Although it’s been difficult for the President to advocate for nuclear power within his own party, President Obama’s promise of a world with fewer nuclear weapons but more nuclear energy is finally getting a push with EPA’s new carbon rules.
Steve Aplin of Canadian Energy Issues presents a modest ten-year plan to completely de-carbonize Ontario electricity. He suggests that given what we know about CO2 and climate change, and given our constitutional autonomy in electric power generation, this is an inescapable moral imperative.
Radiation safety follows the rule of keeping dosages in accordance with ALARA (As Low As Reasonably Achievable) requirements. In this post, Meredith Angwin reviews the Great Vermont Yankee Tritium Scare. Vermont Yankee had to remediate (by extensive groundwater pumping) a tritium leak. The total amount of tritium in that leak was less than one day’s legal emissions of tritium from a typical Canadian plant. An example of unreasonable ALARA.
Paul Gunter of Beyond Nuclear is clearly bigoted with respect to nuclear energy, elaborates for effect, embellishes for impact, and fabricates as-needed to promote his unabashed antinuclear agenda. His interview with Abby Martin of RT America reeks of fabrications intended to promote fear, uncertainty and doubt, and resorts to garden-variety conspiracy theory allegations.
Scandals at the U.S. Veterans Administration and at General Motors represent the worst aspects of bureaucracy, and a failure to effectively deal with the Leadership Paradox. How the “Father of the U.S. Nuclear Navy,” and perhaps most effective bureaucrat in U.S. history, successfully navigated the Leadership Paradox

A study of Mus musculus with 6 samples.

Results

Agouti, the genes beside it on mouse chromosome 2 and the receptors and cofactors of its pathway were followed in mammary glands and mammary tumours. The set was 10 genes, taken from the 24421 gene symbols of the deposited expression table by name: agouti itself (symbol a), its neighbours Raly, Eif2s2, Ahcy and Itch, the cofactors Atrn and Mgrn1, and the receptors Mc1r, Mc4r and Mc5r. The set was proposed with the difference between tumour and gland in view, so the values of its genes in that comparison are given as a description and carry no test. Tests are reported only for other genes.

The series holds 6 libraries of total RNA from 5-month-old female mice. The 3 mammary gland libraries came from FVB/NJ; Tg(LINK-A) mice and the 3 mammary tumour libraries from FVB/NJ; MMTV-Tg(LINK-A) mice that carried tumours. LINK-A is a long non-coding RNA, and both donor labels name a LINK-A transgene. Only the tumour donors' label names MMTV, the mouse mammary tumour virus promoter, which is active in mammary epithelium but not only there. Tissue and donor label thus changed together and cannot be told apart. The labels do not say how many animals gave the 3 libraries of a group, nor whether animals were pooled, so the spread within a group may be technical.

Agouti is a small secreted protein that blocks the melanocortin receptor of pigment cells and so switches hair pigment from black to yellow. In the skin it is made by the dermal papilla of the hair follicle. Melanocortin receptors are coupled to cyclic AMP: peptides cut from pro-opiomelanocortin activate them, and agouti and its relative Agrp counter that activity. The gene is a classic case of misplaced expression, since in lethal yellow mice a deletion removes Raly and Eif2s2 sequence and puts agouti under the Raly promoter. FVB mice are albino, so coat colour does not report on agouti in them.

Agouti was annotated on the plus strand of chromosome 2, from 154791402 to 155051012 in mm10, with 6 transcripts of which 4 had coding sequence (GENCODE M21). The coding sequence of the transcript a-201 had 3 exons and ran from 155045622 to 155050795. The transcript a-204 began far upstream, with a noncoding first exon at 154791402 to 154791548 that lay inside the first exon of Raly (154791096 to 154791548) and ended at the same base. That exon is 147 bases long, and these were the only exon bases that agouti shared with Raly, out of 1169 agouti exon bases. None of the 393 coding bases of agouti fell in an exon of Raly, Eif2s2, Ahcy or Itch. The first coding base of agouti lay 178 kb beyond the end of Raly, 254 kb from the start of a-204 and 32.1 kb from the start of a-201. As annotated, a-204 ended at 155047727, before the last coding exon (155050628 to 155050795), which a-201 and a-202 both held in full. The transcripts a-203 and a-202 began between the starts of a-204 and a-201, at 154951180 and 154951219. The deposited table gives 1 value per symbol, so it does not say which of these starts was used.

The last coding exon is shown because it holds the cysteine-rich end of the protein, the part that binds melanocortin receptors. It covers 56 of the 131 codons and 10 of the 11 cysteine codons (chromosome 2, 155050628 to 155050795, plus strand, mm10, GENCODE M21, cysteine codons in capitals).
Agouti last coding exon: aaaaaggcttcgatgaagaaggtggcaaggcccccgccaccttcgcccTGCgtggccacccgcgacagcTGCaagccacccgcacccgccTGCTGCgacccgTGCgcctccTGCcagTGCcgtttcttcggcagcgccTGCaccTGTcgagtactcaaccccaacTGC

What will it take to move nuclear energy forward? A conversation about effective communication – from the Focus on Communications Workshop at the 2014 American Nuclear Society Annual Meeting
An attendee to Dr Park’s talk provided a summary at Talk Polywell.
1) Dr. Park is interested in trying to form the potential well as the next step in the research program.
2) There was a discussion between Dr. Park and Prof. Forest about MHD (magneto hydro dynamics) and the lack of axial symmetry. Dr. Park’s conclusion was that it’s very difficult to address high-beta with a PIC code, but high beta is necessary to explain the improved confinement of fast electrons. 3-D MHD codes have been tried on the Polywell but the results don’t agree with the PIC results. More MHD work by collaborators would be nice.
3) Dr. Park would also like to map out the magnetic field, but it will be difficult to do in a pulsed experiment. The discharges are short, and they are quite dynamic due to the gun formation (he showed a video of the visible emission from the two blobs of plasma from each gun as they collided in the center and wiggled around). He said they’ve only take 50 shots, because they have to ‘reload’ the gun each time they fire.
4) In the future, he’d like to have a longer plasma sustainment time than the guns can provide, and then implement Thomson scattering diagnostic to measure the density and temperature more accurately.
5)There is evidently a sweet spot at 2.7 kG [kiloGauss?]; lowering the magnetic field to 1.6 kG doesn’t produce as good results, even though that means beta is higher. They don’t really know why this is true.
6) DoE funding is unlikely in the future, Dr. Park thinks China or possibly Korea may be interested though.
7) the confinement time is theorized to scale as the 3/2 [half cube] power of the energy of the electrons, so it would be easier to confine very hot electrons than cold ones.
8) Expect more publications in the future.
He promised to send the slides from his talk.
Atomic Man’s laboratory is finally getting cleaned-up and dismantled 38 years after an explosion that covered a radworker named Harold McCluskey with a massive dose of radiation. He survived to become known as the Atomic Man and the lab was dubbed the McCluskey Room. It surprised everyone that he did not die from any radiation-induced health effect, but from congestive heart failure as a result of a long-standing coronary artery disease at the age of 75.